The Flavour of Freedom
A bottle of Fanta marked the day my life changed forever
My life was measured in calories.
‘Nothing days’ were the best, that’s when I’d succeeded. If not – whether by 10 calories or 200 – I’d failed.
It was a sick, merciless, self-revolving culture which nobody knew about but me, but which had complete rule inside my own head. Under its influence, I was clueless to the damage it was causing – physically and emotionally, to me and to others – but I saw its gaunt, skeletal effects; I hit its shallow, selfish high and I was hooked.
That I can write so bluntly and explicitly about that time of my life is literally miraculous. As I type, I feel a warm glow of gratitude rise up, because it’s exceptional for an anorexia recoverer to feel no draw back to the addictive illness at all. If you read my account with any sense of guilt, anger or jealousy, any subversive pull towards that dark place of comparison and punishment, then I am concerned for you, and I urge you to speak to somebody about that (I’d be more than happy to hear from you, or there are many excellent services I could recommend).
Anorexia’s strict no-calorie rule stripped away my freedom of choice not just in what I ate, but also what I drank. Water or Coke Zero became my two options (apart from coffee which I ranked alongside cigarettes as a replacement for meals).
This colourless, insular and frankly ego-centric life is no way to live. It is an antidote to joy, to truly being yourself, and to having the energy and focus you need to squeeze the most out of every opportunity in life. But if you are reading this on your 5th consecutive Nothing Day, then you’ll have heard that many times and it won’t matter to you now, either.
Which is why, as I began spiraling into complete self-rejection and self-hatred, and depression dissolved the parts of my life anorexia hadn’t yet reached, I still didn’t let go of it. The tables had turned somewhere along the way, and I discovered I was no longer in control. The day I reached breaking point (you can read the whole story here) was one of the best days of my life, because it led to what happened next.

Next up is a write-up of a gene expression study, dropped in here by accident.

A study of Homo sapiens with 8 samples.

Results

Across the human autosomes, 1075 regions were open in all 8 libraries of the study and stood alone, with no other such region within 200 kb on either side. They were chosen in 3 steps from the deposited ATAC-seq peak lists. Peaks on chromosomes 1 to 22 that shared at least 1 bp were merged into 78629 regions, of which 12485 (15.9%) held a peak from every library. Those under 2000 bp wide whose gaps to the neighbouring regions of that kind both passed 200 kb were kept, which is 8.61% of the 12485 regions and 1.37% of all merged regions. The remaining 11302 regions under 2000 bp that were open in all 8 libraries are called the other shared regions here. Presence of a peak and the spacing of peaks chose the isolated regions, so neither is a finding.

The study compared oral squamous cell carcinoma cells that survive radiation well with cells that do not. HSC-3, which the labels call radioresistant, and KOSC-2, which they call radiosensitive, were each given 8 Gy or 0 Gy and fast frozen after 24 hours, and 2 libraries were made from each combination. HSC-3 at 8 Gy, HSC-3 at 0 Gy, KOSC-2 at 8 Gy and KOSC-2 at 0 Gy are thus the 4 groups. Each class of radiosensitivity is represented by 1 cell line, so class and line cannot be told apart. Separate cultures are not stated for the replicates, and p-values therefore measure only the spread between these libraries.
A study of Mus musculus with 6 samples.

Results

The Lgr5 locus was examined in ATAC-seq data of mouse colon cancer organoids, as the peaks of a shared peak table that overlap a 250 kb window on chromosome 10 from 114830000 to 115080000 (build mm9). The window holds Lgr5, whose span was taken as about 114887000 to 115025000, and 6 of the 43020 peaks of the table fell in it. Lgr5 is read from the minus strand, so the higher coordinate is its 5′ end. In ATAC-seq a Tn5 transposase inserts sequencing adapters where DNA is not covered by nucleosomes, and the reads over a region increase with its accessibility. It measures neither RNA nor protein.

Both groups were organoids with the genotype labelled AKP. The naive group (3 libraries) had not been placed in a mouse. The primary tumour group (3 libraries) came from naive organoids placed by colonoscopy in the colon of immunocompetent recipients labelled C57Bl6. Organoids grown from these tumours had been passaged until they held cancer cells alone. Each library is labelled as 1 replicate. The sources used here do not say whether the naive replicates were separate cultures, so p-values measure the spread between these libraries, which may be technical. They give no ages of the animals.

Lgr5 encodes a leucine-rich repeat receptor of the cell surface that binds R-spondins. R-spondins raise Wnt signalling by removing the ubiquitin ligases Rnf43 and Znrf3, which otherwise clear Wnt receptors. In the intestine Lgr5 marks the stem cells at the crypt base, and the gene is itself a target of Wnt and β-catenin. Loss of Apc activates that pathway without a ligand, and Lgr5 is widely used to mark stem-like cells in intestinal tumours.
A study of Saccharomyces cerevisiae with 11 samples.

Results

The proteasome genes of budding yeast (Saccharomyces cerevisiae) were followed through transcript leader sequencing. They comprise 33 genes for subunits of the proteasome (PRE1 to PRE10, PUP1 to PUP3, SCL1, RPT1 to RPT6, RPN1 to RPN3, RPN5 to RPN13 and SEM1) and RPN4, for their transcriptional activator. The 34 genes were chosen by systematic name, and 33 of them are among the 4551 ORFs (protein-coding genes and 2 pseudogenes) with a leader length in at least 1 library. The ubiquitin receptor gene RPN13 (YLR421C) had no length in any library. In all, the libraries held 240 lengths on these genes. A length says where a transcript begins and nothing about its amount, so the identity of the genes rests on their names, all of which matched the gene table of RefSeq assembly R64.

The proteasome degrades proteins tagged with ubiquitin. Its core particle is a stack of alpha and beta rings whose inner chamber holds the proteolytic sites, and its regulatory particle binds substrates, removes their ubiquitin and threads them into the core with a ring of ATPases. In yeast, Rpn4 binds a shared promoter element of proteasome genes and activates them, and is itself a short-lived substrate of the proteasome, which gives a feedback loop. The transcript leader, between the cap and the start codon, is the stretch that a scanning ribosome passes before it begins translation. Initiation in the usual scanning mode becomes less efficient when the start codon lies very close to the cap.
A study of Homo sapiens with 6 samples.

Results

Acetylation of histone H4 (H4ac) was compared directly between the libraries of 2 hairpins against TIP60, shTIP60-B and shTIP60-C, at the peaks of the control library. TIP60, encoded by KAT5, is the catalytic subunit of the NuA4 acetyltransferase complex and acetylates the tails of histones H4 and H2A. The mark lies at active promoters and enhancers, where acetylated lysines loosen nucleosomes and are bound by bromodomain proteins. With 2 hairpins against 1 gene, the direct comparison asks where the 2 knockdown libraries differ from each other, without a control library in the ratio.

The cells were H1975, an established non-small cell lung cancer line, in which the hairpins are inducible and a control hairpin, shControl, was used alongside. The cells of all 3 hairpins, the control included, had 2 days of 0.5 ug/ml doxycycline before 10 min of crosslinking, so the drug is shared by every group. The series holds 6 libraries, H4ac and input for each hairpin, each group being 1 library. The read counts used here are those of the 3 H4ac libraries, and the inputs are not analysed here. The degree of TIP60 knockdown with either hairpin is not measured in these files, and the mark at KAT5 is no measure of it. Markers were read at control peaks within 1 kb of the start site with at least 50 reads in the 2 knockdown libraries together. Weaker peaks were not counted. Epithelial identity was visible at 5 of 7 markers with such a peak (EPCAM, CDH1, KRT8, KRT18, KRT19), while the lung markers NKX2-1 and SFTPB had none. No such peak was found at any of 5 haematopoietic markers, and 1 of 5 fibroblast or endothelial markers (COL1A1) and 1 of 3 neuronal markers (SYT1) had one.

I ruled out counselling (too horrifying) and changing on my own (too little energy), but I did have the strength to let someone pray for me. That decision changed everything.
In one evening, over cups of tea in someone’s living room, three significant things happened:
- I forgave anyone who had ever mentioned my weight
- I said sorry for the hurt that I had caused, and for trying to control my life in such a messed up way
- We prayed
A lady prayed for me, literally speaking the name of Jesus over my mind and body, and told anorexia and depression to leave in His authority.
What I experienced that evening I will never forget.
The following morning, approaching a vending machine for a drink as I might have done any other day over the last two years, something was different. I fancied a Fanta.
Stunned, I put my money into the machine, pressed the Fanta button, and had a Fanta.
It was the most significant Fanta of my life.
Please, pursue freedom. Please, don’t settle for a life where you chase the illusion of ‘perfection’, but miss out on the real joys of life. Please, try Jesus.
Enjoy your can of Fanta with thankfulness that you are free to do so, and never be deceived into thinking that you are not. <3
April Shipton is a Christian singer and songwriter from Ross-on-Wye, Herefordshire.
Inspired by her faith and experience of healing, her powerful songs have been met with national recognition and airplay on the UK’s leading Christian radio stations.
This year, she launched her debut tour ‘Bigger Than Dreams‘, through which she has shared her testimony and music with 15 venues in soulful, intimate events.